Seasons for Growth has had a positive effect on vulnerable children, writes Chris Small

Seasons for Growth has had a positive effect on vulnerable children, writes Chris Small

Aprogramme designed to help pupils cope with bereavement and family breakdown is being piloted in two Edinburgh secondary schools.

Seasons for Growth is part of the Growing Confidence programme, which aims to promote emotional well-being among children, staff, parents and carers in Edinburgh.

It started as a targeted intervention in 10 primary schools in Edinburgh in 2007, before being extended to other local authority primaries in 2008- 09. In February, Trinity Academy and Wester Hailes Education Centre became the first high schools in the city to adopt it.

Using group sessions and metaphorical "visits" to the changing seasons of the year, the programme encourages young people to manage their emotions, build self- esteem and develop strategies for resilience in the face of family loss or stress. It is underpinned by the ethos of peer support, with youngsters' discussions facilitated by a trained "companion" recruited from education or social services.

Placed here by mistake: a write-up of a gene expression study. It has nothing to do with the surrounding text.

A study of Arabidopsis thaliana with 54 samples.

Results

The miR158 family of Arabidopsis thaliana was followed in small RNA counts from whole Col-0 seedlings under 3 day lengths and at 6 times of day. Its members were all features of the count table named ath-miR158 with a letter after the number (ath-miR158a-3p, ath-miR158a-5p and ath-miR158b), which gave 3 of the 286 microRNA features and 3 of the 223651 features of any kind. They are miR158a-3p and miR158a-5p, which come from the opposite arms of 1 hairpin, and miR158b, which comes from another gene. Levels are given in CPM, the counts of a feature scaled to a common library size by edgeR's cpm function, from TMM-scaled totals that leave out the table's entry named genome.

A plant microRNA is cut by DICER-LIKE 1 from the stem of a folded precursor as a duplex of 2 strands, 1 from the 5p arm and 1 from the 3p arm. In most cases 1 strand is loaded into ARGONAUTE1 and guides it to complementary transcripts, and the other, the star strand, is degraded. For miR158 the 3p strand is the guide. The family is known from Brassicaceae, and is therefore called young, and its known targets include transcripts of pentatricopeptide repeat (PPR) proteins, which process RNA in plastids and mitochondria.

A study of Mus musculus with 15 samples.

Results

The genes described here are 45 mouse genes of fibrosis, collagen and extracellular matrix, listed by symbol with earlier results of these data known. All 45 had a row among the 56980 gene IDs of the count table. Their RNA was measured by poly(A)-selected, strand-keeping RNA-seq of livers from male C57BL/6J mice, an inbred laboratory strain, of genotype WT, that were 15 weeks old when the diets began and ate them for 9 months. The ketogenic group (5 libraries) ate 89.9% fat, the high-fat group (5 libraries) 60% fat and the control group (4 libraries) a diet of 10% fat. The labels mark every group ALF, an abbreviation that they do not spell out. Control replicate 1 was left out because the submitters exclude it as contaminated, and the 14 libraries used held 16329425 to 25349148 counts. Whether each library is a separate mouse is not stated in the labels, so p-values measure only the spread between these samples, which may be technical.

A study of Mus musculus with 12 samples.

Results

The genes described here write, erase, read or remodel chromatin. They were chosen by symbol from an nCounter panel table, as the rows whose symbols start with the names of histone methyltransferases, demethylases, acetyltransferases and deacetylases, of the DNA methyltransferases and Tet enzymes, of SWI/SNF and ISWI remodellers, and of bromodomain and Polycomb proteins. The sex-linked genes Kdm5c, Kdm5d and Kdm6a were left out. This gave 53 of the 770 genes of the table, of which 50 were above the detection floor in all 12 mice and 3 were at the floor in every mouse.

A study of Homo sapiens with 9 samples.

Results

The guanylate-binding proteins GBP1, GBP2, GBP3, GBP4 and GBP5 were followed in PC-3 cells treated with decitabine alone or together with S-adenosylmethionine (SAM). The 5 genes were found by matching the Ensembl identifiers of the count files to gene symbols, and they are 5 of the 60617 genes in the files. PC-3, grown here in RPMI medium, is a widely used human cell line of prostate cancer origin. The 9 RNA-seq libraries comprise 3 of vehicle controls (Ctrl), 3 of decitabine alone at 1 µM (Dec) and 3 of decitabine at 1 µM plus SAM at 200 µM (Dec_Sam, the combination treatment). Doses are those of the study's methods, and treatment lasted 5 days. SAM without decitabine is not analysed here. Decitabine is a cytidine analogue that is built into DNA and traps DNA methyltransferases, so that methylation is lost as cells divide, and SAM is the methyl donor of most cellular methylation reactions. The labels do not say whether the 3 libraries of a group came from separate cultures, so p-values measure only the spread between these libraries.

Edinburgh City Council's education leader, Marilyne MacLaren, says: "This innovative programme, which targets children undergoing major emotional change, has proved very effective, with our research indicating that 90 per cent of children show increased behavioural and emotional improvement after taking part."

According to the Growing Confidence programme's evaluation, there were a variety of reasons for children's referral to Seasons for Growth. The most common were family breakdown (43 per cent), parental or close family illness (30 per cent) and parental or family bereavement (24 per cent).

Ann Moore, headteacher of the city's Preston Street Primary, says: "Seasons for Growth has really had an impact on our most vulnerable children. We see increased trust in adults, more smiles and a greater ability to express themselves and ask questions. It has also been recognised by the Children's Panel as having a positive effect."